I was sent a couple bottles of mead from the good folks at St. Ambrose Cellars – one of the many meaderies to be coming out of Michigan. St. Ambrose is producing three different types of products, Wine, Estate Meads and Draft Meads. I like how they differentiate their meads like this. I think the “draft style” connotation makes it a little more accessible for consumers who aren’t as familiar with mead.
The Evil Twin falls under their Draft Style Mead category and as I expected, it’s a very drinkable mead, good for easing newbies into the wide world of mead. Evil Twin is a carbonated cherry, ginger mead with 6% abv.
Sometimes bad is good. Star thistle mead adulterated with Montmorency cherries and ginger.
Michigan is known for their cherries, so it makes sense for St. Ambrose to incorporate them into their mead. The Montmorency is a sour cherry variety with a bright red color.
It pours a mahogany color with ample carbonation that fizzes out quickly, leaving a ring of bubbles around the glass. I was expecting a little brighter red, based on the description of the Montmorency cherry.
It has an earthy, musty cherry aroma. It reminds me of cherry cola – more specifically, the cherry bottle caps candy. A little bit of sweet honey comes through in the nose, but I don’t get any ginger.
It has a thick, sweet cherry flavor with slight tartness coming through on the tail end. It sips heavier and sweeter than expected, yet still finds a way to remain refreshing. It would be nicer if the sweetness was toned down a bit while elevating the tartness of the cherries. I only get the ginger in the after-taste – but it does linger long after the sip is swallowed, which i find nice.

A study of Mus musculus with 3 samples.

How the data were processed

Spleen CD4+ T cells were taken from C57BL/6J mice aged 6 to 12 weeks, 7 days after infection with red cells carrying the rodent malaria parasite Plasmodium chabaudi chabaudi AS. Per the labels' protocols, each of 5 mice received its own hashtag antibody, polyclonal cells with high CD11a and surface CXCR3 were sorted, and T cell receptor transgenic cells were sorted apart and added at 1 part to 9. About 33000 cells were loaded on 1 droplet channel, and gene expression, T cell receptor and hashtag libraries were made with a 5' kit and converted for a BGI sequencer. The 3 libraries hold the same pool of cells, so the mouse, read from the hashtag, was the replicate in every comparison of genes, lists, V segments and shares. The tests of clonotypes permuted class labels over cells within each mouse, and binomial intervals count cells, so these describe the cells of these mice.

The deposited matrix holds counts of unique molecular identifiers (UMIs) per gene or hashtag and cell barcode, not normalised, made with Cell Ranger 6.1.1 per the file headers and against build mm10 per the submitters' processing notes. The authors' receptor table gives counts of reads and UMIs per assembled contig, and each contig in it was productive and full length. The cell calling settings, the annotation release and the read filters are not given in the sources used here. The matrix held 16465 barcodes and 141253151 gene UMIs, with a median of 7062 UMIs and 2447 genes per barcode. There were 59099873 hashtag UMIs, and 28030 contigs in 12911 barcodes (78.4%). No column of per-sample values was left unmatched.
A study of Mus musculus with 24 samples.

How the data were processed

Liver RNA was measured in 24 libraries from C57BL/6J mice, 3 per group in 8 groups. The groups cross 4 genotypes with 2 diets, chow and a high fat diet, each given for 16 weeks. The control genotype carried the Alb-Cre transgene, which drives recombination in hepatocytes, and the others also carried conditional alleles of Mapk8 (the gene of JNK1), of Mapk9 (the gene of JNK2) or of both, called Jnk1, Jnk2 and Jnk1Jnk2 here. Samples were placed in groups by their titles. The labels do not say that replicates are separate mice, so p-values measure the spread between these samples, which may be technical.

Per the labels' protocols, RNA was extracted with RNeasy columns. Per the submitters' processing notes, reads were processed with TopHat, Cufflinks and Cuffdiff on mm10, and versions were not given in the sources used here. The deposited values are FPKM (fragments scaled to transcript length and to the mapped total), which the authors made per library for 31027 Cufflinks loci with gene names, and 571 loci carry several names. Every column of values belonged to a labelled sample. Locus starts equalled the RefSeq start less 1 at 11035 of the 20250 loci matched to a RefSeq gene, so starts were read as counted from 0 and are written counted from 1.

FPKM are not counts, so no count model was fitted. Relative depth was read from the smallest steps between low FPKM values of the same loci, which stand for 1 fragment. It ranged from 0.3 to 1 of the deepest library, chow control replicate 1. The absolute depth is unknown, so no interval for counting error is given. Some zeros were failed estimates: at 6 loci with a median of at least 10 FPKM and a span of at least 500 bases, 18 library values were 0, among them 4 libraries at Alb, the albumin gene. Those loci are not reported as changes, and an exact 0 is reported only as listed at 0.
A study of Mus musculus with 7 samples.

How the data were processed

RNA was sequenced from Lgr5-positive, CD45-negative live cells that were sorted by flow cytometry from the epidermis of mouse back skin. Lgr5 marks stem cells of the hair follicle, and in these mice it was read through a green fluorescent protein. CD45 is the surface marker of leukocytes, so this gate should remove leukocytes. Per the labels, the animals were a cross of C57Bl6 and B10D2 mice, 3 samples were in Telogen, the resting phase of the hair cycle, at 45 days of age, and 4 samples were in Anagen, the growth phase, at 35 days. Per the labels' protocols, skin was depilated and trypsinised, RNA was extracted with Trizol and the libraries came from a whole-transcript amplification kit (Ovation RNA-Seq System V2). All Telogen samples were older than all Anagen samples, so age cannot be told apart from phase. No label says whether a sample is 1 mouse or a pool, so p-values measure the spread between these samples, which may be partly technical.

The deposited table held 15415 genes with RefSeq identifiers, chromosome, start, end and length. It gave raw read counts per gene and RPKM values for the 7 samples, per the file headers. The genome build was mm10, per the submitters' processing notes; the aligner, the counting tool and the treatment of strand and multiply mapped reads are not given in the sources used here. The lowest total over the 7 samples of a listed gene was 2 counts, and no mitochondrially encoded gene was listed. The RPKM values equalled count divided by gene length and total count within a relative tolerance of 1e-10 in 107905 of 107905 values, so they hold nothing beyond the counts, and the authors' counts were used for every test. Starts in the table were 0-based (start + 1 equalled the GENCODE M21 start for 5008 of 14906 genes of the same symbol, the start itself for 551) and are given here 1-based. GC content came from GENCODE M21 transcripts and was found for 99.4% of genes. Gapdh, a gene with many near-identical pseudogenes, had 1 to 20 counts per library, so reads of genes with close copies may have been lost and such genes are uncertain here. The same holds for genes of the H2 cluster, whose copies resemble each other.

I tasted it after a long day of helping my brother-in-law move into his new condo and the chilled temperature, carbonation and tart snap of the cherry and ginger hit the spot.
The 500ml amber glass bottle selection is perfect for the “draft style mead”. It’s the right size for the abv and doesn’t make you feel guilty (or too tipsy) if you drink the whole bottle yourself – I speak from experience.
The playing card illustration on the label works well for the name, but the typography and layout could be improved upon. There are 3 fonts being used in the front – all of which compete with each other. The text is also just dropped on top of the label. It would be nice to see it incorporated into the illustration or framing the content. Right now it’s in no-mans-land. And the yellow text over the yellow image isn’t helping its case. Their icon shows promise. It would be much stronger if the little thin lined face was removed and the line weights cleaned up.
St. Ambrose is definitely headed in the right direction toward “changing the paradigm of mead” – keep pushing forward!